It's no wonder: Income growth has stagnated, especially for the poor and middle class. For those in the lower 60% of the country in terms of household income, in inflation-adjusted terms, their earnings haven't gone anywhere since the late 1980s. In 1989, the average household income for these folks was $29,685, compared with $30,114 now.

Mean Household Income Received by Each Fifth and Top 5 Percent -- 2009 Dollars  © MSN Money

That has translated into rising income inequality as the top 5% of the population captures an ever-increasing share of the economy. Current levels of inequality haven't been seen since the lead-up to the Great Depression back in the 1920s.

But there is reason to believe things might get better soon.

Diminishing supply

The good news is some of the structural issues that have weighed on the working class are beginning to lift.

Higher fuel prices and geopolitical instability are increasing the costs of outsourcing and shipping from factories far afield. Surging inflation and wages in places like China, where the once seemingly inexhaustible pool of workers has started to diminish, are pushing up production costs. There are new reports of Chinese factories grinding to a halt for want of laborers. Even white-collar managers and engineers are being forced out of their comfy office chairs to spend time on the assembly lines. The lack of manpower is becoming acute in the Middle Kingdom.

These factors are combining to push up the price of Chinese exports -- and ontributing to inflation here in the United States. According to Société Générale economist Aneta Markowska, within the next few months the cost of trinkets made in China will start rising at a 2%-plus annual rate, versus the current core CPI rate of 0.9%. After 15 years of exporting "disinflation" to the West via shiploads of cheap manufactured goods, China is set to start spreading higher prices.

The longer this continues, the less competitive goods from China will become compared with U.S.-made products. That's a good thing from the perspective of the average American worker.

Markowska notes that she's seen "numerous reports in recent weeks about U.S. importers facing significant cost hikes and scrambling to find lower-cost production centers." Alternative exporters, such as Vietnam, Thailand and India, are being looked at. But it will take months, if not years, for companies to relocate production. And given the turmoil roiling North Africa and the Middle East, political risk is suddenly a very real concern again.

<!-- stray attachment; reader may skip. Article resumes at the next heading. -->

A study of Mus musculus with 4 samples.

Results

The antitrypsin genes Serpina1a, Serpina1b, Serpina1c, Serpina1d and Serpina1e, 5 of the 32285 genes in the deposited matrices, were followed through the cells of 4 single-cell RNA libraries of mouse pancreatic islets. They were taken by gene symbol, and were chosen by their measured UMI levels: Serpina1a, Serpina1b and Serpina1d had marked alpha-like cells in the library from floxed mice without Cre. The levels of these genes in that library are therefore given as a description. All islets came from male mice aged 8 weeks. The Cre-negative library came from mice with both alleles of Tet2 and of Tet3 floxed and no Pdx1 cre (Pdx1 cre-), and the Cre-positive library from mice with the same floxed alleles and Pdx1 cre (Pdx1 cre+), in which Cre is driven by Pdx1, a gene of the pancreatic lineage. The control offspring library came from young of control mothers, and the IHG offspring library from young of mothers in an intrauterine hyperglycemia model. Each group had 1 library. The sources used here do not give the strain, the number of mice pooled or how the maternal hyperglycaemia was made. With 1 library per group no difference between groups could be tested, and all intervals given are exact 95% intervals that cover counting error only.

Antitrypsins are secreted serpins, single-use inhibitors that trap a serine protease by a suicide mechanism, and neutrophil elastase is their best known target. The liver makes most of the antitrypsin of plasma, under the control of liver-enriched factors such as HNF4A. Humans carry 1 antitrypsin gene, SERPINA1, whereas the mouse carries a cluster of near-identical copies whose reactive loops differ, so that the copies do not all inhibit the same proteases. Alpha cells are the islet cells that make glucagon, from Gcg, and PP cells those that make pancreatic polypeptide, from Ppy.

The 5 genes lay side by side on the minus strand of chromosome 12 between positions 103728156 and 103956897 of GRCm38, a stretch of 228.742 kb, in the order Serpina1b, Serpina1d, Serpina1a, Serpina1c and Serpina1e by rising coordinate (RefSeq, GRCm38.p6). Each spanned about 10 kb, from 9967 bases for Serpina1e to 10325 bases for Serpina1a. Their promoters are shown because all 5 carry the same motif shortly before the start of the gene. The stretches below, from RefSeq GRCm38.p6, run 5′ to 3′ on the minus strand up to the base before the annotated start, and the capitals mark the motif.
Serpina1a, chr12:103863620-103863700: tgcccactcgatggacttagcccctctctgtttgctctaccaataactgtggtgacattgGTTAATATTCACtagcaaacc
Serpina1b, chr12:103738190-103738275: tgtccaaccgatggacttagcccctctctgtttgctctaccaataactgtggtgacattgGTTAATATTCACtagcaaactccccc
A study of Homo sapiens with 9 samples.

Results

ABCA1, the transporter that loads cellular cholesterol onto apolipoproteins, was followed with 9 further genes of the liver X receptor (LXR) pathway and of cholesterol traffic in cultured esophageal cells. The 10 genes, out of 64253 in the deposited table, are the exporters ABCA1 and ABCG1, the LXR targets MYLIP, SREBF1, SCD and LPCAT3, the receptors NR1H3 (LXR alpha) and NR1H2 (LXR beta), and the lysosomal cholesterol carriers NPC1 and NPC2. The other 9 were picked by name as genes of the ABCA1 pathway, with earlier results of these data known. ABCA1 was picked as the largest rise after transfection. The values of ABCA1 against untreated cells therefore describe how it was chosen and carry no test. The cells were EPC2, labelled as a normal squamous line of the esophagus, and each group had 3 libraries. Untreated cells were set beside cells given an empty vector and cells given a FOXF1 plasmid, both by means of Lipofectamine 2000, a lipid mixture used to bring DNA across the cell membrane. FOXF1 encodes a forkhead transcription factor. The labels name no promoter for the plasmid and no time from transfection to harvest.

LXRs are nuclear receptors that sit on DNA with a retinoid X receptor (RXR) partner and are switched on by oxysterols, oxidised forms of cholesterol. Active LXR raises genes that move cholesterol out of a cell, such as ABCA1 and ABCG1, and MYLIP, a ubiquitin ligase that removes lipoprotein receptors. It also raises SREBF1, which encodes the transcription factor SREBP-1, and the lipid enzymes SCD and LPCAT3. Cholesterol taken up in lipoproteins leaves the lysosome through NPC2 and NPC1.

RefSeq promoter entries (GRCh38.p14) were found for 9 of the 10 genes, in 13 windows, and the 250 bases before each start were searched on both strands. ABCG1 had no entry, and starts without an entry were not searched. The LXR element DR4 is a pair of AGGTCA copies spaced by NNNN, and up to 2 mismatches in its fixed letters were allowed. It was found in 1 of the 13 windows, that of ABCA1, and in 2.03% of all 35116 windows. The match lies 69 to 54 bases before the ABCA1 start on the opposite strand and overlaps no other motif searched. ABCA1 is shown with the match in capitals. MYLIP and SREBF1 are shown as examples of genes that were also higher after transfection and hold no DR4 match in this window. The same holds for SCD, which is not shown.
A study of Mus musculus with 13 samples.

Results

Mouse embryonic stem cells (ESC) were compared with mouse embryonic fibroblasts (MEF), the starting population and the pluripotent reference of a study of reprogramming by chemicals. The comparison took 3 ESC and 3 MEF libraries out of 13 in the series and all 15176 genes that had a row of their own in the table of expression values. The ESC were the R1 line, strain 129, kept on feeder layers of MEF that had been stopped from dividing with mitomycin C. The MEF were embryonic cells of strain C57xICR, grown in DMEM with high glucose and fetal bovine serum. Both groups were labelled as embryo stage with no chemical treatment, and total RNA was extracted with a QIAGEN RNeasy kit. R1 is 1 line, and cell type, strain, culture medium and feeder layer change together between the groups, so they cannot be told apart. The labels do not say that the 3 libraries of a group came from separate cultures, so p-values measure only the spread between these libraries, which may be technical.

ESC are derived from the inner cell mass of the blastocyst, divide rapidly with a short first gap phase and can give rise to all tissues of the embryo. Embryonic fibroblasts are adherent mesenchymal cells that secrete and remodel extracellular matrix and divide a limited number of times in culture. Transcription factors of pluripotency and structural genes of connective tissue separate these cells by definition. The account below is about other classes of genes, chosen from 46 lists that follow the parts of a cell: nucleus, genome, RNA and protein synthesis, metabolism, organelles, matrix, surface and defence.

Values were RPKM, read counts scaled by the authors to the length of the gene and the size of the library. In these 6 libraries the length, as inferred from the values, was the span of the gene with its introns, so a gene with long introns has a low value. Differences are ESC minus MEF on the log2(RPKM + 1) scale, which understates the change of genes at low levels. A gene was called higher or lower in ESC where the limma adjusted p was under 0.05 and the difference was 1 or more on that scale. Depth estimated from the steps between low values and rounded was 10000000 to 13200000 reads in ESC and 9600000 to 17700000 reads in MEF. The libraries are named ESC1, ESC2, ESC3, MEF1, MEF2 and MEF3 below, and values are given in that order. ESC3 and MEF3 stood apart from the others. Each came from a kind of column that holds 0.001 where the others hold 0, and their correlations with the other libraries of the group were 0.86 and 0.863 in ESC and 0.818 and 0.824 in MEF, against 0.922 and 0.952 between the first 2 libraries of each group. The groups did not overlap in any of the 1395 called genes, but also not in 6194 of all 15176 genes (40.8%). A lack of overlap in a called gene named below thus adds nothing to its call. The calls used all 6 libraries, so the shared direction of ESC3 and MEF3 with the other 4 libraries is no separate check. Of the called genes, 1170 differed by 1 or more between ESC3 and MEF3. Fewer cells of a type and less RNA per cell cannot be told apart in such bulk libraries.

U.S. Dollar Index, 4 Years, Weekly Bars  © StockCharts.com

Such pressures make hiring workers and building things in America more attractive. Also contributing is a weakening dollar, which now threatens to fall through four-year trend line support, as shown in the chart above. While a weaker greenback always damages national pride and contributes to inflation by pushing up the prices of oil and imported goods, it also boosts our competitiveness -- turning the tide so the benefits of export-led growth accrue to United States instead of places like China and Germany.

Indeed, Intel (INTC, news) recently announced it will spend $5 billion to build a new semiconductor facility in Arizona that will create thousands of new jobs. And in recent months, measures of manufacturing and service-sector activity have blasted higher to new recovery highs. The ISM Manufacturing Index's employment sub-index pushed to its best levels since the early 1970s. Purchasing managers in the Chicago area indicated the fastest pace of activity since the late 1980s as new orders pour in.


The consumer squeeze

We're now in a race against time, left hoping that job creation will ramp up before inflationary pressures can damage consumer and business sentiment and cause a growth scare like the one seen during last summer's eurozone debt crisis. And over the near term, consumers waiting for the new jobs and higher wages will be squeezed by rising commodity prices.

And for U.S. workers, the healing will be slow.

Markowska, of Société Générale, is looking for the unemployment rate to fall very slowly, ending 2011 at 8.7% and 2012 at 8.4%. It's at 9% now. That will help keep wage growth low for most Americans. UBS economist Thomas Doerflinger is looking for wage growth of just 2.7% this year and 1.5% in 2012 as the current payroll-tax cut expires.

The investing angles

As is often the case, investors can make moves to play into this trend. The team at UBS recommends avoiding consumer staples stocks, because they are vulnerable to higher commodity and energy prices at a time when many consumers are still cautious about spending. On April 1, Whirlpool (WHR, news) will raise the price of its washing machines by up to 10% as it tries to pass on higher steel costs. Kimberly-Clark (KMB, news) is just one of many toilet paper makers that have narrowed the size of their rolls in an effort to protect profits.

Another strategy is to embrace wage inequality -- because it isn't going away -- by focusing on the low end with retailers like Family Dollar Stores (FDO, news), and on the high end with retailers like Nordstrom (JWN, news).

At the time of publication, Anthony Mirhaydari did not own or control shares in any company mentioned in this column.

Be sure to check out Anthony's new money management service, Mirhaydari Capital Management, and his investment newsletter, the Edge. A free, two-week trial subscription to the newsletter has been extended to MSN Money readers. Click here to sign up. Mirhaydari can be contacted at anthony@edgeletter.com and followed on Twitter at @EdgeLetter. You can view his current stock picks here. Feel free to comment below.